Wheat Belly by William Davis

March 14, 2014

wheat belly Summary (from the publisher): Every day, over 200 million Americans consume food products made of wheat. As a result, over 100 million of them experience some form of adverse health effect, ranging from minor rashes and high blood sugar to the unattractive stomach bulges that preventive cardiologist William Davis calls “wheat bellies.” According to Davis, that excess fat has nothing to do with gluttony, sloth, or too much butter: It’s due to the whole grain wraps we eat for lunch.

After witnessing over 2,000 patients regain their health after giving up wheat, Davis reached the disturbing conclusion that wheat is the single largest contributor to the nationwide obesity epidemic—and its elimination is key to dramatic weight loss and optimal health. In Wheat Belly, Davis exposes the harmful effects of what is actually a product of genetic tinkering and agribusiness being sold to the American public as “wheat”—and provides readers with a user-friendly, step-by-step plan to navigate a new, wheat-free lifestyle. Informed by cutting-edge science and nutrition, along with case studies from men and women who have experienced life-changing transformations in their health after waving goodbye to wheat, Wheat Belly is an illuminating look at what is truly making Americans sick and an action plan to clear our plates of this seemingly benign ingredient.


As someone interested in a healthier diet, I’ve been looking into different opinions on carbs (which have always been my downfall). I don’t think they’re all bad for you, as some Atkins/Keto followers would have you believe. But I do believe in the nutritional differences between, say, a bowl of oatmeal and a brownie. Duh. Davis’ book seemed like another interesting piece of the puzzle. Going in, I didn’t have a firm opinion one way or the other about wheat. It was part of my diet and I do have an image of it being “healthy”, but I wasn’t exactly a champion of the grain, nor did I go out of my way to avoid it.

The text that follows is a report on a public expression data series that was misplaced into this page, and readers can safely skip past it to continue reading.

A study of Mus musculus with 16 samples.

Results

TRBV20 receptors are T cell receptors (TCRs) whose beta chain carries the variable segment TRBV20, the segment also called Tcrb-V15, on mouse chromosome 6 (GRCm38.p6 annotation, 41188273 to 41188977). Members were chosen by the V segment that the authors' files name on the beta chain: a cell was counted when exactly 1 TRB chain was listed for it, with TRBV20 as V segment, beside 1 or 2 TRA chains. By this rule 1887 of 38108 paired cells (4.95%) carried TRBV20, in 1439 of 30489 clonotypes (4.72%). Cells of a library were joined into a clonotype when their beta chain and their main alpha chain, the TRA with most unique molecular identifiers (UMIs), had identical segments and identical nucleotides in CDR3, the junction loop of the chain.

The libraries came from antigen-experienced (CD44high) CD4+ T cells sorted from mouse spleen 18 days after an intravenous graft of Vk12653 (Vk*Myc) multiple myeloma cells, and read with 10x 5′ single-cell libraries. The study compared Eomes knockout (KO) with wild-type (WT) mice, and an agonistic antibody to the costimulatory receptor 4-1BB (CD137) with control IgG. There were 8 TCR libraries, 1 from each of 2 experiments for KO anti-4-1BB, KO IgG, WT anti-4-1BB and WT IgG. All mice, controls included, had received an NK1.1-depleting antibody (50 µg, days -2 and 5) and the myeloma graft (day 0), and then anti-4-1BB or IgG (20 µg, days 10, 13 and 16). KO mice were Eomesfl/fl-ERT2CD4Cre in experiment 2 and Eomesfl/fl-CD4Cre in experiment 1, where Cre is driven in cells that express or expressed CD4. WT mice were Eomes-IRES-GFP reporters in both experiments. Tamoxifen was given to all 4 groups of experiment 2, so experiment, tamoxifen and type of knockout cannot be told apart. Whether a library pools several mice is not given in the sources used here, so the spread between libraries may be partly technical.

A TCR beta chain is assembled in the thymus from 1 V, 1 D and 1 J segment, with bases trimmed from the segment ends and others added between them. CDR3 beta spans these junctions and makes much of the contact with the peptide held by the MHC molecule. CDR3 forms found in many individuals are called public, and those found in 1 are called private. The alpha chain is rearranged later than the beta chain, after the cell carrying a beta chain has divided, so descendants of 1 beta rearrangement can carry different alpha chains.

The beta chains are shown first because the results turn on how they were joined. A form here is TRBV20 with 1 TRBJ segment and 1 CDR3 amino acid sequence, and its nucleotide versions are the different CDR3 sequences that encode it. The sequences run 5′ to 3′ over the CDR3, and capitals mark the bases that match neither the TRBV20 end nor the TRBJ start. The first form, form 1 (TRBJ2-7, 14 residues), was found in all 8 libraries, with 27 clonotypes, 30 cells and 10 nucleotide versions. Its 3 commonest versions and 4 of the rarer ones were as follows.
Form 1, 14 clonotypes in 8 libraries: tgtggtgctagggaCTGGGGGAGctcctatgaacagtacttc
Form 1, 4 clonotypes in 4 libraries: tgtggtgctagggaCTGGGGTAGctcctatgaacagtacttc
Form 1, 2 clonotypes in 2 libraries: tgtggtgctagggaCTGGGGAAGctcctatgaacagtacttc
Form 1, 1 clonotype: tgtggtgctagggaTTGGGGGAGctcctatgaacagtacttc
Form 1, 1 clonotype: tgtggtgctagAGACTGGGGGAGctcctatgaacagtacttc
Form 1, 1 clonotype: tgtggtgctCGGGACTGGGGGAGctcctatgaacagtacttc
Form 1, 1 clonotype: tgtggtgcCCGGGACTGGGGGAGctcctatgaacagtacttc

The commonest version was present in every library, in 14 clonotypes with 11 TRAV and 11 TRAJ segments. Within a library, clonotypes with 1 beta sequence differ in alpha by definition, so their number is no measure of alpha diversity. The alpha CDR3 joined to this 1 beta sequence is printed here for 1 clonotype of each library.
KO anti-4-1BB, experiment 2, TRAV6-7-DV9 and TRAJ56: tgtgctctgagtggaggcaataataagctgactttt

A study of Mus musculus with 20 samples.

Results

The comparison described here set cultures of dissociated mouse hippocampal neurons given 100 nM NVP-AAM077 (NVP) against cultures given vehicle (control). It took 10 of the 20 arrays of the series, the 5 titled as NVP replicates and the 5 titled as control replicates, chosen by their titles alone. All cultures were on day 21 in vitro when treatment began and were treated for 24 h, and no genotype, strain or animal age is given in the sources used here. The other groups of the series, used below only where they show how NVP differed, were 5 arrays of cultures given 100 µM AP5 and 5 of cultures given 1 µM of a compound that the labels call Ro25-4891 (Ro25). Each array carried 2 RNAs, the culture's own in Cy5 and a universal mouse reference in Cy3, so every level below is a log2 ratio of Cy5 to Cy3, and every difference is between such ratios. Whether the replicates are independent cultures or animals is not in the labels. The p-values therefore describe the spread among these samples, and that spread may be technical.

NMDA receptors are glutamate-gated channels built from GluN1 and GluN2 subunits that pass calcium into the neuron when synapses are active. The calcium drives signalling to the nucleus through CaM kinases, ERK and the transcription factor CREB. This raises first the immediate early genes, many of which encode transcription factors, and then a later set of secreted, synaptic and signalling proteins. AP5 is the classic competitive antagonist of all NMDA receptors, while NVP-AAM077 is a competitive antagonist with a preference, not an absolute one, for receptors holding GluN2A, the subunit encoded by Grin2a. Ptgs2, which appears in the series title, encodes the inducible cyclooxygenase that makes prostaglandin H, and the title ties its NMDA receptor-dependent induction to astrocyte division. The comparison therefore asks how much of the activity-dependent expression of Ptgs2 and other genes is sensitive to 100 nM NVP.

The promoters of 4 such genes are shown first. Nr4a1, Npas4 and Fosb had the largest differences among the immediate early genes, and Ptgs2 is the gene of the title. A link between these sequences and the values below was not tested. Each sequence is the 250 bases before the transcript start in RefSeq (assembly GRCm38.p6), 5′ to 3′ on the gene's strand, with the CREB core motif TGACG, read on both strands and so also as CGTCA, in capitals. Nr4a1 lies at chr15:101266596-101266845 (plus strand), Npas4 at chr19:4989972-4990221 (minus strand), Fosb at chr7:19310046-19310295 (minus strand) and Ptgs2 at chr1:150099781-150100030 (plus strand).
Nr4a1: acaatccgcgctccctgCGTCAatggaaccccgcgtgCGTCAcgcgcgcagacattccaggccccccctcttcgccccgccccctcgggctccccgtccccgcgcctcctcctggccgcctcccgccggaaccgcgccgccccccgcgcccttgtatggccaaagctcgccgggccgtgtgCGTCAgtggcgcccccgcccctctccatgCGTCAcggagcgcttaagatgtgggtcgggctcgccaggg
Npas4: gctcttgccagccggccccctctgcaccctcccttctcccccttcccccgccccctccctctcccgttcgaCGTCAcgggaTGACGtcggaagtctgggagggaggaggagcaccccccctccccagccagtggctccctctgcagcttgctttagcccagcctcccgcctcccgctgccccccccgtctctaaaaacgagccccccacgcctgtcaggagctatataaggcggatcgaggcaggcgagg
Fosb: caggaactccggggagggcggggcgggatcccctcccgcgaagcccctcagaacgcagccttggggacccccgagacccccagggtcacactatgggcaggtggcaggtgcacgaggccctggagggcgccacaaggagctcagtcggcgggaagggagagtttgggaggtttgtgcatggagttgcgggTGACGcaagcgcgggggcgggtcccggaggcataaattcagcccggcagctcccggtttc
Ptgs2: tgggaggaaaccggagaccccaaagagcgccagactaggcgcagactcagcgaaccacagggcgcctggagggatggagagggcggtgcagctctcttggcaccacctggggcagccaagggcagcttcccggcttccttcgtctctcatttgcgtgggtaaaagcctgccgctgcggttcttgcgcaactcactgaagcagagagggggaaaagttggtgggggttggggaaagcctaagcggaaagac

I have to say I was surprised by all the negative aspects of wheat Davis presents in this book. I had no idea that what we use today is so genetically different than wheat used in ancient times. I also had no idea that wheat was used in so many different products, including non-bread/non-bakery items where you wouldn’t ordinarily expect to find it (think soy sauce or licorice). So if nothing else, Wheat Belly is making me take some longer looks at food labels (something I haven’t been doing much of recently).

Where this book turns a bit controversial (at least for me) is when Davis concludes that so many health problems stem from consuming wheat. Not over-consumption, mind you. Just simple consumption in any amount. I am naturally averse to extremes like this, and can’t believe — unless in cases of serious medical side-effects — that anyone would have to give up any and all wheat consumption just to be thin, fit, and healthy. Sure, wheat belly, I can buy that. Spikes and subsequent crashes in blood glucose levels…makes sense. But Davis goes even farther than that, and blames wheat consumption for everything from joint pain to skin problems and heart conditions. This is where he sort of lost me, but I kept reading anyway.

The rest of the book was filled with case studies, examples, and research that are intended to prop up Davis’ position. In this way, he makes a fairly convincing case; however, it would have been very helpful for Davis to discuss some counterpoints and show why those opposing views are wrong. He didn’t really do that, except to basically say: “Americans have been eating wheat products for 50 years and now there’s an obesity problem. Let’s cut out the wheat and watch the pounds melt away.” There could be plenty of other causes for the obesity epidemic besides wheat!


I thought a lot of the information presented in Wheat Belly was eye-opening and useful. I was already on my way to cutting out most (but certainly not all) wheat products from my diet, and this book will likely serve as another catalyst in making the switch. I’m in no position to speak directly to the medical or scientific aspects of what Davis presents here, but at least he cites his sources and some of his conclusions seem to make sense. I give this book 3 stars out of 5.